Thursday, May 11, 2017


After a 10 days of eating stuff i normally don't eat like chips and carbs, and not running, the decline has begun.  I have done some mountain biking and some stairmaster and rowing... but that's really not enough.   I need to start resistance soon.  Still 10-11 days out from a return to the track.

Not being an endurance athlete, it's frightening how quickly aerobic fitness disappears.  How breathless I get after a fairly short uphill sprint on my mountain bike.  At this age, I guess it goes away real fast.

I feel a definite 'softening' of my body, even though I've not gain that much weight.  I'm still under 150 lbs and was under 148 this morning.

I can only imagine what it's like for older people who never exercise, are overweight, and don't lift weights.  Especially if this behavior has gone on for years.  The body turns to jello.  Strength to weigh ratio decreases to the point where one can not even lift their own weight (one pull up), and can get breathing hard just bending over to clean the floor.  I can see why sarcopenia and high blood pressure are so prevalent in older non-athletes.  It's like a wasting disease.  Maybe a glimpse of my future life when I am unable to run.  I don't think it has to be that way.  Cardio machines and weights, simple exercises one can do at home.  I think I can get a pretty comprehensive workout at home with my resistance bands, pullup bar, etc...

I think I was pretty accurate when I said, 4 weeks off from running regresses training 8 weeks, to get back to where you were.

The other aspect is psychological.   Exercise is uncomfortable.  When one stops training and starts living in a comfort zone with no physical exertion, it becomes ever more painful to exercise, especially taking that first step.  When in training mode, you get used to the pain and even welcome it... it actually become LESS painful.  That's why starting back up after a break is hard... especially doing 800m repeats and other foundation work.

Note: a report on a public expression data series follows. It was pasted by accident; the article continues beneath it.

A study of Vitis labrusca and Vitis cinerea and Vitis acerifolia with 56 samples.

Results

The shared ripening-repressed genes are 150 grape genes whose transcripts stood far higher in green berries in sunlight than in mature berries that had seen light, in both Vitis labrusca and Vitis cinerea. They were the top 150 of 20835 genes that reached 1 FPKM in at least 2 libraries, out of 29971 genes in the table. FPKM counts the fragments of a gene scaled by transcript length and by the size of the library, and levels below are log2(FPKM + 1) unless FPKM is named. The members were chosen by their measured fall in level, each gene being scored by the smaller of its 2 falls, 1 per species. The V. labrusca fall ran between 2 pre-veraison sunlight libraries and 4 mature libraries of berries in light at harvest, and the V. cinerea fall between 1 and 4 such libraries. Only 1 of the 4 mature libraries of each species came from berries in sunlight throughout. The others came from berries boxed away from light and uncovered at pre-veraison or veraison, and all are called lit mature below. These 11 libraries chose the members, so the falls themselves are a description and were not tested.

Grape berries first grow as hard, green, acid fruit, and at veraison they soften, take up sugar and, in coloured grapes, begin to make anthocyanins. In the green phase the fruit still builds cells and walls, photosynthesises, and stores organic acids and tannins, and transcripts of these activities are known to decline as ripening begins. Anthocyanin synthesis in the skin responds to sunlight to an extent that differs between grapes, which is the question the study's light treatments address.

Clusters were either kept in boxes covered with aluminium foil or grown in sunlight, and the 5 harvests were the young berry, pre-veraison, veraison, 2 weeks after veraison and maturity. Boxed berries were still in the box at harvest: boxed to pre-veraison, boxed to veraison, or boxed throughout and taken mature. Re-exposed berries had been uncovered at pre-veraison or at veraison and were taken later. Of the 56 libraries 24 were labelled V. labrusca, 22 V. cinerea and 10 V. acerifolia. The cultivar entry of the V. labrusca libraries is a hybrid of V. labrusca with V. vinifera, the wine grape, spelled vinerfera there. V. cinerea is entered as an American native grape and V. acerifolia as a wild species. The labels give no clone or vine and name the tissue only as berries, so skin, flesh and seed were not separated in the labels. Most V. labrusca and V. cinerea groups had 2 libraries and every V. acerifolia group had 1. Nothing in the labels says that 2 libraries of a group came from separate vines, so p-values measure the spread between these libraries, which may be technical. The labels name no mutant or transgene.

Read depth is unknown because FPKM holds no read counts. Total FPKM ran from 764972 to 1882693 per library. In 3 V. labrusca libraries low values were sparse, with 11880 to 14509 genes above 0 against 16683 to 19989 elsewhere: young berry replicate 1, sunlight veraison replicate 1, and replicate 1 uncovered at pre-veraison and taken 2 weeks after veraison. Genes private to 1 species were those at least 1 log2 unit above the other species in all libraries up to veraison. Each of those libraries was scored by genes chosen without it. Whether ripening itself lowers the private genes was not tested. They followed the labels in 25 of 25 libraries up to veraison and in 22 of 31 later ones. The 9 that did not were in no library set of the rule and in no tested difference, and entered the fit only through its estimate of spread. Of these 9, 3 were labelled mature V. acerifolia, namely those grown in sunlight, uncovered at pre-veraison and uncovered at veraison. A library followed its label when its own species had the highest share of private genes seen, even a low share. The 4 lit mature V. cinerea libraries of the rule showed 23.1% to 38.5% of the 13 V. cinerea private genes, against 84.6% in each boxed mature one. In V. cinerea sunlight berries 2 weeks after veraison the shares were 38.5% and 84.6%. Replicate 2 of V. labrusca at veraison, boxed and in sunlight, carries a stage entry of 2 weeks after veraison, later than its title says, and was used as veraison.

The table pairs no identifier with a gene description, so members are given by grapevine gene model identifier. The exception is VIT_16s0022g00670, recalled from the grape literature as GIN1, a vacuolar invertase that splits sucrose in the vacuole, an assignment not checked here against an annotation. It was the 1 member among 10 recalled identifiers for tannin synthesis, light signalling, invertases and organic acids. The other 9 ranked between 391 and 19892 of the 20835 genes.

Also, that is why people train together and have coaches.  People gain motivation from others.  I have neither.  I'm a lone wolf out there, running in circles.

Just some observations from 'the other side.'  I expect to be back on the track perhaps twice during the week of May 22.


  1. Bill, you're also very much "A LONE WOLF" when you're on that stand and have that medal hanging around your neck. Do you know how many men envy you....want to be like you....have what you have? Keep on 'keeping on''s worth every minute of adversity!!

  2. "it's worth every minute of adversity" - easier said than endured. Often I have this plan that I'm going to do this massive workout, like 4 or 5 600s or 800s with limited rest. Then, when that pain hits in the 3 or 4th rep, it doesn't seem so worth it. Like biting off more than you can chew.

  3. Perhaps think about mixing things up (quite a bit!) and follow a training program for a full marathon for half a season. Running a marathon is one of those bucket-list item for some...

    1. My feet would not be able to take that volume. Did the road racing thing for a season and it caused articular cartilage damage to my knee which healed after eliminating that type of running. Marathon running / training is actually not particularly healthy for people over 50. High intensity interval training is far better in many ways for wellness.